There are not a lot of really explicit rules about this; most such spells were imagined as being performed totally outside of combat and without any need or desire to try to do other things at the same time.
One way you can almost-certainly act is with the schism power. That allows you to effectively take a second standard action each round, but that standard action must be “purely mental.” Because it is only a standard action, it probably cannot take over concentrating on casting a spell (unlike concentrating on maintaining a spell already cast, which it might be able to handle assuming such a “transfer” is possible at all). However, it could perform other purely-mental standard actions while you spend your actual turn concentrating.
Other actions that get around the action limits imposed by spending a full-round action concentrating are more dubious, however. Schism is special because it literally sets up a second mind to act with “complete autonomy” and therefore almost-certainly does not interfere with concentration. Anything else you do implies that you are paying at least some attention elsewhere, and not on your casting. It’s unclear under the rules if you can do that.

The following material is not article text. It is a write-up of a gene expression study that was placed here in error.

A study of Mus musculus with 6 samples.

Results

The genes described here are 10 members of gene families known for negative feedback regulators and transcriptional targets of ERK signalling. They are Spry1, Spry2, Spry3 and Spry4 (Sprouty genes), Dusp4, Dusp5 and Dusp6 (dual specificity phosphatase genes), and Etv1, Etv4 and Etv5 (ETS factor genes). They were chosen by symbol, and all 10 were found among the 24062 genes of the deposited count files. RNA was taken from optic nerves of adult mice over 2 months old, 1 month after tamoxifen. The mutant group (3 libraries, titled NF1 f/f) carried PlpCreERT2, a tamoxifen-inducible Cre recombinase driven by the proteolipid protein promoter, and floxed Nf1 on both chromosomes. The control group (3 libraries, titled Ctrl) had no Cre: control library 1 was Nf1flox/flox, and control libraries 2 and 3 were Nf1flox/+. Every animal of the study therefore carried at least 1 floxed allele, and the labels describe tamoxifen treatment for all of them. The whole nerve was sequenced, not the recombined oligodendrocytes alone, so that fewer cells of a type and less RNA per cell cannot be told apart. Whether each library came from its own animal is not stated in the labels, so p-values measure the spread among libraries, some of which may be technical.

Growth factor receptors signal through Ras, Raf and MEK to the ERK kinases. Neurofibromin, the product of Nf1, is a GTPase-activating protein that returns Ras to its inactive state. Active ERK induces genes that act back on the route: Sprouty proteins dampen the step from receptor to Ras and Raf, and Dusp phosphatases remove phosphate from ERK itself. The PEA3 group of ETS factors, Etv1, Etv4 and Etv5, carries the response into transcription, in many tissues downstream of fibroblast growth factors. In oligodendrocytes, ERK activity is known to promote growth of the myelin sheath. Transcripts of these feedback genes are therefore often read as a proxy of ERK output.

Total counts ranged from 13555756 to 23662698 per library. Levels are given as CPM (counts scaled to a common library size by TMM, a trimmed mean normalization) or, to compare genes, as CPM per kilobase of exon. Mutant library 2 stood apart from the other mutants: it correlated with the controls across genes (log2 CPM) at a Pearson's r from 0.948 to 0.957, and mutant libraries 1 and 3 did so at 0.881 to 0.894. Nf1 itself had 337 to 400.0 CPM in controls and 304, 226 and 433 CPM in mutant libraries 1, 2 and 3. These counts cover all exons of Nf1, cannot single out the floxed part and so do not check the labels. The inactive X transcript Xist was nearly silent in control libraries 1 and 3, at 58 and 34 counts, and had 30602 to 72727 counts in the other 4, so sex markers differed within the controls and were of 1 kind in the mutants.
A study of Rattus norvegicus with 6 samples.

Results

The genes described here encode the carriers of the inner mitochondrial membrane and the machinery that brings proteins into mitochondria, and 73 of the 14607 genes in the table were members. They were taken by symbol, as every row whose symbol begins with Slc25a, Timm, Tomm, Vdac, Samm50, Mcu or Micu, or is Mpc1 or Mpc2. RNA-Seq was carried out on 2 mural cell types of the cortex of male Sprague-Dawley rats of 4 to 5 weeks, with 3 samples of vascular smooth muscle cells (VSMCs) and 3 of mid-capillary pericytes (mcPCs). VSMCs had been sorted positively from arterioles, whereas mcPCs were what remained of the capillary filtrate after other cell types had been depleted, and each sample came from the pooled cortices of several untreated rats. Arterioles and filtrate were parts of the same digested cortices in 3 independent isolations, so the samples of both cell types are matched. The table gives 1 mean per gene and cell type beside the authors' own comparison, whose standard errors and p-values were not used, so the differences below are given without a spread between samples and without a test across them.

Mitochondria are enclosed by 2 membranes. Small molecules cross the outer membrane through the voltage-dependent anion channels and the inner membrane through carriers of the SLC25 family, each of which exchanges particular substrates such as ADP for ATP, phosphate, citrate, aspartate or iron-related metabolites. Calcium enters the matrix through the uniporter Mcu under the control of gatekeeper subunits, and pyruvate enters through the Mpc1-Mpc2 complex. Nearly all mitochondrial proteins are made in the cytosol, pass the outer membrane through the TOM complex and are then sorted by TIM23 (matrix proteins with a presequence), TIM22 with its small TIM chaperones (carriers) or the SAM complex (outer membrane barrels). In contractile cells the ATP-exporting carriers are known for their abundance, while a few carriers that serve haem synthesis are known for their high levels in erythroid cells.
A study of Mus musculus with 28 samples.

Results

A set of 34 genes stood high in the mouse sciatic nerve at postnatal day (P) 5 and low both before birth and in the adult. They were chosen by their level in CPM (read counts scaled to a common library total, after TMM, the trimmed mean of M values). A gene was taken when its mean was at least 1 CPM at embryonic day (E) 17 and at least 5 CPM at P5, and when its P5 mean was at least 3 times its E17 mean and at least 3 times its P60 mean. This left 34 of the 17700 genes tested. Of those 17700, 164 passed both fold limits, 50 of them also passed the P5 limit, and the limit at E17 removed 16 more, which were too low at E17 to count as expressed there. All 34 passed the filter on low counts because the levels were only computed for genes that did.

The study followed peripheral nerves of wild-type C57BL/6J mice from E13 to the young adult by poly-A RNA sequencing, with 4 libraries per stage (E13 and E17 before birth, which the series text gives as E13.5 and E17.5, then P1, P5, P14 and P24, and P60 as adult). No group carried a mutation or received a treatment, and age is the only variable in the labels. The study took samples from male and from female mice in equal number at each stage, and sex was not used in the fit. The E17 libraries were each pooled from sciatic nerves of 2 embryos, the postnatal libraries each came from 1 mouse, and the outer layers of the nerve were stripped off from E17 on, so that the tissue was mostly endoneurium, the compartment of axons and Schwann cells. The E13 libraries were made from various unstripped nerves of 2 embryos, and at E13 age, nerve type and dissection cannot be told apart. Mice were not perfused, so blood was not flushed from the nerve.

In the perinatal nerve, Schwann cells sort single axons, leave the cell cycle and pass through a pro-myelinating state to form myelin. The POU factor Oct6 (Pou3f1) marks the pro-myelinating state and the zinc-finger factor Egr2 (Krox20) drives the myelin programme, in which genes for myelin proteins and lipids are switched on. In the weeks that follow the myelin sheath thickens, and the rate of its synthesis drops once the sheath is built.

For example, Travel Devotion allows you to move as a swift action, so you could do that without interfering with the action required to concentrate, but it’s not clear if the actual act of moving is something you can do while devoting this level of concentration to something. There’s a pretty good case to be made for it, though, since concentrating on maintaining a spell—which takes a standard action—is something most agree you can do while moving, and it is not on the official list of distractions. Still, the very fact that it takes a full-round action may mean that this kind of concentration is harder than maintaining a spell.
Similarly, an animal companion can be guided with a free action. Many usages of the Ride skill are also free actions. And both of those can, at least in some cases, be done without speaking or using your hands, if those are tied up casting a spell (it is unclear in the rules whether or not somatic and verbal components go on for the entirety of the casting). But they still take mental effort to think about what you want to do and direct things—can you do that without losing concentration on the spell?
Anyway, one thing you almost-certainly cannot do is cast another spell, or otherwise engage in something else that requires concentration. Schism, again, is a way around that.